It’s no secret that the advertising industry relies heavily on physical appearance to sell products, especially for clothing, accessories, and even cheeseburgers. About a year ago, Brent (Lorentz, of the fellow Duets Blogger fame) discussed the prevalence of unrealistic expectations of beauty in advertising. As Brent mentioned, while ethical standards are applied to all sorts of industries, there seems to be little discussion of any ethics in advertising. Sure, some academics, activists and other groups might complain now and then, but the complaints don’t seem to result in any meaningful action or change.
As an anecdotal example, when Hardees / Carl’s Jr. came out with its first “pretty ladies in very little clothing cheeseburger ad,” the Parents Television Council objected. They released a public statement chiding the restaurant chain stating “The Paris Hilton/Carl’s Jr. commercial is nothing but a sleazy attempt on Carl’s Jr. part to make money selling burgers with pornography.” The response from Andy Pudzer, CEO of the chain? “Get a life.”
Against this backdrop, American Eagle took a risk with it’s “Aerie” chain of lingerie stores, choosing to not photoshop the models in its advertisements. The brand’s decision is particularly noteworthy due to the chain’s target market: 15-21 year old females. Here is one of their summer ads:
The fact that one brand has made this commitment isn’t big news. After all, companies have an occasional bout of conscientiousness quite frequently. I haven’t heard any announcement from any other brand. No, the real news is that the ad campaign is not just a “feel good” moment, but is actually making American Eagle more money. Sales of the Aerie brand shot up 9% over the last quarter. Sure, it could be coincidence or it could be that people simply hadn’t heard of the Aerie brand until these ad campaigns. Regardless of the “why,” there is at least anecdotal evidence that consumers will positively respond (with their wallets) to more ethical, realistic beauty standards for women.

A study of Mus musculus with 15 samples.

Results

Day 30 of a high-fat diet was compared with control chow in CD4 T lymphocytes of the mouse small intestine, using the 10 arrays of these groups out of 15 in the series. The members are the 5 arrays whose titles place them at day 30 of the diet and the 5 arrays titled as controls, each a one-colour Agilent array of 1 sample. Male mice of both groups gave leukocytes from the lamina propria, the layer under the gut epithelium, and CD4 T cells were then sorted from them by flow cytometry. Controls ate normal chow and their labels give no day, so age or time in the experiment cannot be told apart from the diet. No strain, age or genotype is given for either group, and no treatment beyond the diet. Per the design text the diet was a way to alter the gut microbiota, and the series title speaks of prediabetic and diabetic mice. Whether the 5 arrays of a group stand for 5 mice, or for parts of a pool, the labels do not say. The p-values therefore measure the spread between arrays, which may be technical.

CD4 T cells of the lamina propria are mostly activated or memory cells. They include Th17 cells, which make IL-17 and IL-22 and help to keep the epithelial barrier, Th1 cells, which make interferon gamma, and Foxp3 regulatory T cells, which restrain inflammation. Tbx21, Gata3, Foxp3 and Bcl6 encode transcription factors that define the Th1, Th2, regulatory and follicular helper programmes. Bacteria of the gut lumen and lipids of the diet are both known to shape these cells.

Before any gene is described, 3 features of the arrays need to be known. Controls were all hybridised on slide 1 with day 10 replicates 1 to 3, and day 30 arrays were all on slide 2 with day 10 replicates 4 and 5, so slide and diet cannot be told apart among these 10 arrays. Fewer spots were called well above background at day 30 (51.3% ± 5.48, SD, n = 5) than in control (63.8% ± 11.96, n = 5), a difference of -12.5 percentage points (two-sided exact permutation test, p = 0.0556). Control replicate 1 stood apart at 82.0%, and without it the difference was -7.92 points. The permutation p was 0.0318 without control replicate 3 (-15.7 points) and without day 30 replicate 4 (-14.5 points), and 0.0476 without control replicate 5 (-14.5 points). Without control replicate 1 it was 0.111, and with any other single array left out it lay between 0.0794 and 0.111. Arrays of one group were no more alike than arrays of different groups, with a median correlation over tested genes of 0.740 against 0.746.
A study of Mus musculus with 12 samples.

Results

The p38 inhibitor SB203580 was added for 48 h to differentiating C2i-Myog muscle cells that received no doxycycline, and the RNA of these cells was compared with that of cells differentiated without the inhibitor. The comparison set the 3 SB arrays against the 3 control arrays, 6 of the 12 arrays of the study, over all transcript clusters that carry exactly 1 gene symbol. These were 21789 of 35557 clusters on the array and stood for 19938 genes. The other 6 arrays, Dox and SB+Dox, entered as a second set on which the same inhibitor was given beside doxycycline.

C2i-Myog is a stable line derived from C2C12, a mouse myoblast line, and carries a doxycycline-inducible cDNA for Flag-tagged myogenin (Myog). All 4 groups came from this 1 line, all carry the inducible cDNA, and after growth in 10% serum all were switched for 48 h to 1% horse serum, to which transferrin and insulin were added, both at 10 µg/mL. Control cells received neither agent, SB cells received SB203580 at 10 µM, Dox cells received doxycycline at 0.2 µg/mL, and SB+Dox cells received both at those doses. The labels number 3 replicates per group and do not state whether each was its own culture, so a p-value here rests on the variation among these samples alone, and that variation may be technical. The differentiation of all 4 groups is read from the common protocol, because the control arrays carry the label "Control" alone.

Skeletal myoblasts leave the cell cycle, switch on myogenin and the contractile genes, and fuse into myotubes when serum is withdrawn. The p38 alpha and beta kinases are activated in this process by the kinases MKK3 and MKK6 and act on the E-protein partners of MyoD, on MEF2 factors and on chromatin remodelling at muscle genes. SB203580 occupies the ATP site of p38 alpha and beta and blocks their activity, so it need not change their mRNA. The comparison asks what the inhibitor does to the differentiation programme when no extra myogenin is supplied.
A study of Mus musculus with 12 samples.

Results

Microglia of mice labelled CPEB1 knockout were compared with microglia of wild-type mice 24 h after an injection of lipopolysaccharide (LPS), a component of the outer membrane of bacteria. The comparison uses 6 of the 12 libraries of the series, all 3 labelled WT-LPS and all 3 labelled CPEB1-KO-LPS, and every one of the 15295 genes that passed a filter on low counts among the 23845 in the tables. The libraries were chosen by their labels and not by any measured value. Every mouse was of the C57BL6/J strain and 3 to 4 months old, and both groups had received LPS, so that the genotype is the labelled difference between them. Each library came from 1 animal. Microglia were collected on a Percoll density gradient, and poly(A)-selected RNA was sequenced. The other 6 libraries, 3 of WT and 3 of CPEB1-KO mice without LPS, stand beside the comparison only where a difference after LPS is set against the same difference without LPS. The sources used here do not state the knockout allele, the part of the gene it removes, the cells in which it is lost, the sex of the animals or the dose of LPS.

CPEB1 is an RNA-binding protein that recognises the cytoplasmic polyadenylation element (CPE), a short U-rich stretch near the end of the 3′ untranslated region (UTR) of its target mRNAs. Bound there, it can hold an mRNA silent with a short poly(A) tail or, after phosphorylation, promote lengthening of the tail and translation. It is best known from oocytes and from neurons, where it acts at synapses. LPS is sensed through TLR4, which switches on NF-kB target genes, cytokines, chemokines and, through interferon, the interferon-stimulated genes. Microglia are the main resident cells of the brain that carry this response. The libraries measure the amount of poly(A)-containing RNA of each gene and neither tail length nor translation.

To be sure, professional models don’t provide a truly realistic expectation of beauty either. But it is a step in the right direction. I doubt that the entire industry will follow suit and, honestly, I’m not sure that it would be necessary. The primary problem, for me, is that realistic body images were never portrayed in advertisements. The idea, I suppose, is that companies think that consumers see the advertisement and on some subconscious level think that they’ll be just as beautiful if they buy that swimsuit/wear that perfume/ eat that jalapeno chili cheeseburger. By extension, choosing to not make the women in the advertisements as beautiful as possible would presumably have less of an effect on the viewer because they don’t want to be average, they want to be beautiful. Even if companies didn’t believe it, it likely wasn’t worth the risk. But Aerie’s ads question these assumptions. Here’s to hoping at least some companies follow suit.